A Call For Action

If, like me, you weren’t thoroughly convinced by Vince Cable’s performance on the 27th September, and you think the Government could do more for students and the mass working class, be reassured that you are not alone.


This Saturday, hundreds of thousands of people will take to the streets of London for ‘A Future That Works’ march, which main objective is to protest against the fierce austerity the Government is administrating.

As a united force we will be asking for change. I will take my position on that autumn day because I feel the government’s plan to cut spending will not progress our economy further; it infact might steepen the recession. We did not elect a coalition that arguably only caters for the sub group of super rich. This is shown through the poor and middle incomes being worst to suffer from the Government’s plan to cut £4 for every £1 of tax increase, whereas the rich that could better afford it, are less affected. The government are breaking their promises and reversing their plans which I argue the British people do not need. We do not deserve it.

The US economists and Nobel Prize winner, Joseph Stiglits argues, ‘Britain is embarking on a highly risky experiment’ because the ‘cutbacks in government spending will mean lower output and higher unemployment’. From a perspective of a student this is increasingly worrying as it means it will be harder to find a job, especially one in the public sector. In addition the loss of EMA, increase in tuition fees and rising cost of student accommodation make education overall more challenging, therefore the country may see a rise in unemployment of young people which will fundamentally increase the deficit.  The Government seems to offer little consolation for my worries therefore I question, Is there another way? The alternatives are simple: the economy needs time to grow. Allowing this will reduce the amount the government needs to spend on unemployment and raise the amount we get from tax, overall reducing the deficit without much costly sacrifice on our behalf. We can not avoid the fact we are in a recession and therefore the economy is in a slump, but it is wrong just to accept the Government’s plan when different policies exist. The main focus of creating jobs and increasing spending will stimulate growth that will overall reduce the deficit in the long run.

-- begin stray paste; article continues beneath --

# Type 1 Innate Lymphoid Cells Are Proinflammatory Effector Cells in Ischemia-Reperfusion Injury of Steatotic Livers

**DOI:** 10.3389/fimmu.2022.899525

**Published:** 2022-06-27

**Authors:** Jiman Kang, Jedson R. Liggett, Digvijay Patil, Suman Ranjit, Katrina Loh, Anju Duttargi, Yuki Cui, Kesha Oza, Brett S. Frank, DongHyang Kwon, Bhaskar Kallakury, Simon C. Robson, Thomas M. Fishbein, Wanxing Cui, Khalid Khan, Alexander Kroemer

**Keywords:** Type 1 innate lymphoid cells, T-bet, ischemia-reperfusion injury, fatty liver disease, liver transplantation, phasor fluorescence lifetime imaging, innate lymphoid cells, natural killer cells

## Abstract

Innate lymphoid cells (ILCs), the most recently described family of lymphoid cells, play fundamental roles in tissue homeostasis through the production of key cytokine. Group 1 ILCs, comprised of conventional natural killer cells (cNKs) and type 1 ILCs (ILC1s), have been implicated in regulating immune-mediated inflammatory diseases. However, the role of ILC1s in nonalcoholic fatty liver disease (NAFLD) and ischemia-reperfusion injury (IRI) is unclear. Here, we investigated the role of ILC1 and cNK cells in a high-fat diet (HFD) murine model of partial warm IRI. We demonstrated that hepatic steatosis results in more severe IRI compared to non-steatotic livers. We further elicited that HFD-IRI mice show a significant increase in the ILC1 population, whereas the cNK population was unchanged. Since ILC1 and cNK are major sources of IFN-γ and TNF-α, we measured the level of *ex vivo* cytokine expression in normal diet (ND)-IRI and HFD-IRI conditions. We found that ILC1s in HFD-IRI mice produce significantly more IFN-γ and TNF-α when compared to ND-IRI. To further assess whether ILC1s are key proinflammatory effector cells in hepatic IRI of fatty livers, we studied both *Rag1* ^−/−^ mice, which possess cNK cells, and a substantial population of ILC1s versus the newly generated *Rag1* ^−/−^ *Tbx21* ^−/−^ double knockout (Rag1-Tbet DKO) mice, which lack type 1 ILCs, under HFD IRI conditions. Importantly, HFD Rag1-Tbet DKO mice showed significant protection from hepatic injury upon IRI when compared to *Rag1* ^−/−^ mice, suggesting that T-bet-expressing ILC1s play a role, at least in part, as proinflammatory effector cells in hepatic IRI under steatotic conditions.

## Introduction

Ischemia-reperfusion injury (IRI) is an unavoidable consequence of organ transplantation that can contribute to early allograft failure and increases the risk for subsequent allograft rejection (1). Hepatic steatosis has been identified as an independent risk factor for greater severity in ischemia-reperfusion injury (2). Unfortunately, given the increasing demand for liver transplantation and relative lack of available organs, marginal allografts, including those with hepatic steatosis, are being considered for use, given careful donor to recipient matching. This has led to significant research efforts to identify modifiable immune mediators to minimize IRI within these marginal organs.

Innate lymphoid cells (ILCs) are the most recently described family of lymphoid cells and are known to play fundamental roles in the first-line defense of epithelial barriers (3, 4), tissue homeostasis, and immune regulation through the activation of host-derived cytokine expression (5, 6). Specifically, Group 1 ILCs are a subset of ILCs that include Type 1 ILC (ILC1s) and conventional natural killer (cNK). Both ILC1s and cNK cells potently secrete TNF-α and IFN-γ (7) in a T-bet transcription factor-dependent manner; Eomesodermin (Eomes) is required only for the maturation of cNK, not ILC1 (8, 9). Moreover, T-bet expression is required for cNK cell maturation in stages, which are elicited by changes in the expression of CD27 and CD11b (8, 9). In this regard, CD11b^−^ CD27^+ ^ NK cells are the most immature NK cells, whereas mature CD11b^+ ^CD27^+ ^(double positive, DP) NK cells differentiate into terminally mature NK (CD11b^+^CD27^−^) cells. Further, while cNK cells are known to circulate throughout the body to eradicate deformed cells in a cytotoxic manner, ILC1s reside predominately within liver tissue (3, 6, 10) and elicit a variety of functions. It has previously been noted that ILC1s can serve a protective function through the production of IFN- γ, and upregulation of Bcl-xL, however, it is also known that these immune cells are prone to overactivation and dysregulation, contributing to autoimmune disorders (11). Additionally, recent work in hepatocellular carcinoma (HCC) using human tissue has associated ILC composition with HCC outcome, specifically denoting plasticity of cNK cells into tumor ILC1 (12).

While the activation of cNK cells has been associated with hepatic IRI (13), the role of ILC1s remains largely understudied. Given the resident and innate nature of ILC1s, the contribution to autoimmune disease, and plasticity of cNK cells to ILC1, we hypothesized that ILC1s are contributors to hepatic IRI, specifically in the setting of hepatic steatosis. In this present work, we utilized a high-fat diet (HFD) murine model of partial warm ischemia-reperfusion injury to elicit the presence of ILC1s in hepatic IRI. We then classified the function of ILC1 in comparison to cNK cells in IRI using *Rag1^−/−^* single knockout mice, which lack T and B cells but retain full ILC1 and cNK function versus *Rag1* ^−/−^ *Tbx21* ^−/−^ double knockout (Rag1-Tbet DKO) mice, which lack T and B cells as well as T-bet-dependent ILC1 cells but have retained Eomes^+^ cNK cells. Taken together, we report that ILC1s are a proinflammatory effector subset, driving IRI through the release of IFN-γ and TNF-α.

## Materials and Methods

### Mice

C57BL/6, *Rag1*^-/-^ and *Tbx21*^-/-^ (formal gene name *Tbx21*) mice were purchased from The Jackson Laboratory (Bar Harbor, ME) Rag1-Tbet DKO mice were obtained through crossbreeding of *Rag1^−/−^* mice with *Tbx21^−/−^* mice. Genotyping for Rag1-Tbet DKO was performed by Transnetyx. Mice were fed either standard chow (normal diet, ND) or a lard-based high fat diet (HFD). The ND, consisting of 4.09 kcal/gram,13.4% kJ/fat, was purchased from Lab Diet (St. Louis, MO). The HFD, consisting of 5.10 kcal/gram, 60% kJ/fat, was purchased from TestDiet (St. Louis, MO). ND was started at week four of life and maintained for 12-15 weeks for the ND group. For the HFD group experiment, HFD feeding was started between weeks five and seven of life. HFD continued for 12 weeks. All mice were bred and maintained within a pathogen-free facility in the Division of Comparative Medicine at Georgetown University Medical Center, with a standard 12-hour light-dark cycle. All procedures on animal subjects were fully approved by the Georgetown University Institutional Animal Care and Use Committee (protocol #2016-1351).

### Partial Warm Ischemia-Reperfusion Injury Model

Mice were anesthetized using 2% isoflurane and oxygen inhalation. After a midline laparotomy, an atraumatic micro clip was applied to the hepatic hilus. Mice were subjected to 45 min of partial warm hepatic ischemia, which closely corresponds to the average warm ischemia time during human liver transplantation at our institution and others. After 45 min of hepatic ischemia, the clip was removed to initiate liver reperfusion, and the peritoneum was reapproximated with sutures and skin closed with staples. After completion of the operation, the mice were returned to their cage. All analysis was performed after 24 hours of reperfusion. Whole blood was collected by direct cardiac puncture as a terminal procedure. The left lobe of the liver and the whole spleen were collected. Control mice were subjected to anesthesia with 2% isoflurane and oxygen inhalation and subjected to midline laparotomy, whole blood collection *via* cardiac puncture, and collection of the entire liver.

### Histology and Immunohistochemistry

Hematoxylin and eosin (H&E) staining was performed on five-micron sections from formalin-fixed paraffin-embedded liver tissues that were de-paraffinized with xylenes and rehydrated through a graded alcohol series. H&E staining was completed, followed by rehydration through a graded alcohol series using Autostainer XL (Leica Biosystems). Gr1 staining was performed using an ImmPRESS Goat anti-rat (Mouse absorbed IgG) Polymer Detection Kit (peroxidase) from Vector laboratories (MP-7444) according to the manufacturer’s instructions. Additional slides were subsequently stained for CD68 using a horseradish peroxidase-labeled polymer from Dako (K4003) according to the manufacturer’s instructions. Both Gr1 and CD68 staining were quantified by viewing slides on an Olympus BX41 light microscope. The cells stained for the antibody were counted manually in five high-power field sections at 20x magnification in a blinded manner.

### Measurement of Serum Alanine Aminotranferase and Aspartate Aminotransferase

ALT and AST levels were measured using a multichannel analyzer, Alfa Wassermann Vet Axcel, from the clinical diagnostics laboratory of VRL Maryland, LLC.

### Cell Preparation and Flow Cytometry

I hope Saturday will show the Government that the public has a voice and as we are all part of a recovering Britain, we need policies that will affect us equally.

For more information, please visit http://falseeconomy.org.uk/cure/whats-the-false-economy-alternative, which clearly and concisely outlines the problems we face today.

If you wish to be part of something that could possibly shape your future, start looking at a local trades union near you to see if they are taking part in the march and running transport there (a bus from Bridgwater is only £2 in alliance with Bridgwater Trades Union council!!)

On a final note, we our all architects of our own future therefore it is vital we make a difference while we can. As a result, although I didn’t meet Vince Cable’s eye on the 27th, I at least agree with him on the fact ‘the opportunity for reform and renewal is passing us by’ and if we do not act now the ‘financial crises will return with even greater ferocity in years to come’.

At Ledger we’re interested to hear what you think. How are the cuts affecting you, both here at college and outside? Contact us and let us know. And take our poll below.